Bengal Chemicals, India’s oldest pharma company, set to make hydroxychloroquine

Published : April 10, 2020 22:16 IST

Bengal Chemicals & Pharmaceuticals Ltd (BPCL), India’s oldest pharmaceutical company, is set to produce hydroxychloroquine after receiving the licence to do so from the Directorate of Drugs Control, Government of West Bengal, on April 10.

Though the company has been given the go-ahead to produce hydroxychloroquine 200 and hydroxychloroquine 400, it cannot start production immediately owing to lack of raw materials at its disposal. The management has appealed to both the Centre and the State government to help the company get the necessary materials. According to the Managing Director of BPCL, P.M. Chandraiah, the company’s factory in Kolkata has the capacity to produce as much as 10 lakh tablets a day.

The licence has come as a shot in the arm for the public sector undertaking which has for long been under the Central government’s radar for disinvestment, even though it had turned profitable in 2016 after spending more than five decades in the red. “This is a huge development for us. All of us workers are delighted that we can start making hydroxychloroquine. But we need the raw materials first, otherwise the State government’s act of giving us the licence is just an eyewash for the public,” Mrinal Roy Chowdhury, general secretary of the CITU-affiliated Bengal Chemicals Sramik Karmachari Union, told Frontline. Roy Chowdhury also feels that the company’s present workforce is not enough to produce at the optimum level. “New recruitments have to be made,” he said.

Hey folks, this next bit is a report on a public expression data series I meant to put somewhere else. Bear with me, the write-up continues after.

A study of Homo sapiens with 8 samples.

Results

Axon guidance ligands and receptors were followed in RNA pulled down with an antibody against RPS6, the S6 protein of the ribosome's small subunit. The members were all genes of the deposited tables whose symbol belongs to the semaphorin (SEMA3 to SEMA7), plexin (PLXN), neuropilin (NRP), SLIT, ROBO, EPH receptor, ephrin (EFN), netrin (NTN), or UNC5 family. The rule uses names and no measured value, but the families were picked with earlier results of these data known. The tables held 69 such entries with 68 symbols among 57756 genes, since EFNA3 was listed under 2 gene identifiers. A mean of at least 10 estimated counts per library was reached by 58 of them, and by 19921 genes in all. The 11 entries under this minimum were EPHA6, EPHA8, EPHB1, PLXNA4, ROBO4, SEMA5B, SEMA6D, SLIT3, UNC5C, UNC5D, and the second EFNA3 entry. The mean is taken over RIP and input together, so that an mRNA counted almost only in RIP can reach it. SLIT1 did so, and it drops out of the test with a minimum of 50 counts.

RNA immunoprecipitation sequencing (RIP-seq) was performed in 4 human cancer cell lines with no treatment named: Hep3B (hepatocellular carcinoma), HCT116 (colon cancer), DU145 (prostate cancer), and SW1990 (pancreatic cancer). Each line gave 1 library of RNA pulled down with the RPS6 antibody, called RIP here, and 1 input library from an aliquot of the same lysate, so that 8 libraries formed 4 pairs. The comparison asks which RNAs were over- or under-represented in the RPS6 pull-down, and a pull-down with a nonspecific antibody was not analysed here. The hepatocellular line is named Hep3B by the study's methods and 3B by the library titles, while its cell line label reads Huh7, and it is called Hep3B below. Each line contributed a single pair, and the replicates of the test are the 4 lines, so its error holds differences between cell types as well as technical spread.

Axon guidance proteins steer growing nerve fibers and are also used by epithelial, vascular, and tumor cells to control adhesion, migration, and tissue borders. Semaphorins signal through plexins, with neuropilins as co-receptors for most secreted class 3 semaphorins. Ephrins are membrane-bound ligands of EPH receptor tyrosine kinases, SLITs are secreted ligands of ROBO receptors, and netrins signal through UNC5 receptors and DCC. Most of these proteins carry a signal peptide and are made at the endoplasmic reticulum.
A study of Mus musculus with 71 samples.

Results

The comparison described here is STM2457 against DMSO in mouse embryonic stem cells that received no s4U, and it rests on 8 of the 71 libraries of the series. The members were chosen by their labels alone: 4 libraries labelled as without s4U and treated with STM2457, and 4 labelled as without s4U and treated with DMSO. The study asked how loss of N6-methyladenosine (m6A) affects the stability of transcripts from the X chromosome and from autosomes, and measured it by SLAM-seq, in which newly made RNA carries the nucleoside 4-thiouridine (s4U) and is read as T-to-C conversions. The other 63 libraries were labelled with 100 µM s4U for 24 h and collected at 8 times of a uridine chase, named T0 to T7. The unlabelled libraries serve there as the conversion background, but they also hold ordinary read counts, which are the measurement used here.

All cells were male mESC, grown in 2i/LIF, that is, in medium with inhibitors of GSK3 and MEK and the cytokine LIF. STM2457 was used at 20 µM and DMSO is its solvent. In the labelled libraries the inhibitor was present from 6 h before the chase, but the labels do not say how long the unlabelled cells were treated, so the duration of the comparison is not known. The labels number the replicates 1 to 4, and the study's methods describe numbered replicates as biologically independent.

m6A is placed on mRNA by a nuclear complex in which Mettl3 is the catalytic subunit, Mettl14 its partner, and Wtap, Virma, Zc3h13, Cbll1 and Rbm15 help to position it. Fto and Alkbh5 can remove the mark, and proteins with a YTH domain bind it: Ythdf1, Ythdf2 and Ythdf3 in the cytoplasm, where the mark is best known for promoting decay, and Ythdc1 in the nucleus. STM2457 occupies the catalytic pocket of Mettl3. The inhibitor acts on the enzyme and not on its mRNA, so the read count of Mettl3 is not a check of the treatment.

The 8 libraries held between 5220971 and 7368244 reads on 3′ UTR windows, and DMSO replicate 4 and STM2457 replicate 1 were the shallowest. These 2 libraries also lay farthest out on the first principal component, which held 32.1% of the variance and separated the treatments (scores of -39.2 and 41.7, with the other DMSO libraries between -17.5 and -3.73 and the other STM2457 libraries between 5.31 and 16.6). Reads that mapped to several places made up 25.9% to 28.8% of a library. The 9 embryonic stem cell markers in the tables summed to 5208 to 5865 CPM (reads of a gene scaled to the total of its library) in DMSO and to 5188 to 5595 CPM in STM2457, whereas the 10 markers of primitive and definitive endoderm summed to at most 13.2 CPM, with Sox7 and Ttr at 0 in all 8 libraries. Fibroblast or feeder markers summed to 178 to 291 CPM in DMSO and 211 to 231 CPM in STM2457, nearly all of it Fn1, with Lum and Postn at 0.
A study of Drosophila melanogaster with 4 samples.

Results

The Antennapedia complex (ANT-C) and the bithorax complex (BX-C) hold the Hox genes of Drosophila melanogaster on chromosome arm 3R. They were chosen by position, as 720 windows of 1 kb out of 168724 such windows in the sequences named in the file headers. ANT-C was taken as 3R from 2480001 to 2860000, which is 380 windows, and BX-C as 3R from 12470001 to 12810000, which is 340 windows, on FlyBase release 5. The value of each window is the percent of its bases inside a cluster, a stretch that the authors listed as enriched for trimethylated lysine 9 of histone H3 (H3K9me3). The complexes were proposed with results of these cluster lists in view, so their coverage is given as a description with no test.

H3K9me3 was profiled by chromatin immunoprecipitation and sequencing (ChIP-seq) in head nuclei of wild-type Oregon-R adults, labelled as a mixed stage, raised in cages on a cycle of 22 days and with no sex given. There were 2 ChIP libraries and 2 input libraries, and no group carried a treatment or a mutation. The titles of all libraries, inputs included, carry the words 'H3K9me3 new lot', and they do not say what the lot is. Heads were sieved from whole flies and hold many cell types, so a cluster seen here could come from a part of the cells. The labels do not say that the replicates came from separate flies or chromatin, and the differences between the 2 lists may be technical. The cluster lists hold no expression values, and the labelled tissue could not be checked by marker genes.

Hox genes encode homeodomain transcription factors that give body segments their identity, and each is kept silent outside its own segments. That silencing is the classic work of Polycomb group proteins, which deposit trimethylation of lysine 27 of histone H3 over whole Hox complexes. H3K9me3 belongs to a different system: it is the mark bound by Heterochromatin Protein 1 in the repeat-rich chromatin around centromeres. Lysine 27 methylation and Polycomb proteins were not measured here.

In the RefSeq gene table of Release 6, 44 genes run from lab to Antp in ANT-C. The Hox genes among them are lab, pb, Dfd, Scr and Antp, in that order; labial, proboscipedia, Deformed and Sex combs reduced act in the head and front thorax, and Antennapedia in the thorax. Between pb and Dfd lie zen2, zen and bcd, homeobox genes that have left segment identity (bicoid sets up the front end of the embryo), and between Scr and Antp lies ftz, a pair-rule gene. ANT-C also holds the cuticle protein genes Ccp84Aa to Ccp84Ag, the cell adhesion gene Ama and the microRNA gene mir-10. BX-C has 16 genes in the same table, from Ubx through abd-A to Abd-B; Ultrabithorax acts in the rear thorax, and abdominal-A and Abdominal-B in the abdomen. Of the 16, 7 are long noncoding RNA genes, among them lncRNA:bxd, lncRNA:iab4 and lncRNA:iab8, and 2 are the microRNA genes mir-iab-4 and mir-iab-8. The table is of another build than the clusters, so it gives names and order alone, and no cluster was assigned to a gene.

BPCL was set up by Prafulla Chandra Ray, the “father of Indian chemistry” and a pioneering figure in the world education, in 1892. At that time it was known as Bengal Chemical Works. In 1901 it was made into a limited company and renamed Bengal Chemicals and Pharmaceutical Works Ltd. In 1980, the company was nationalised and continued under the new name Bengal Chemicals & Pharmaceuticals Ltd. In 1992, the company was referred to the Board for Industrial and Financial Reconstruction (BIFR), but by 2016, to the surprise of everyone, it registered a net profit. For the last three years BPCL has been profitable.

The company was back in the news after media reports revealed that it had the capacity and the knowhow to produce the much-required hydroxychloroquine, but was getting neither the licence nor the orders from the government.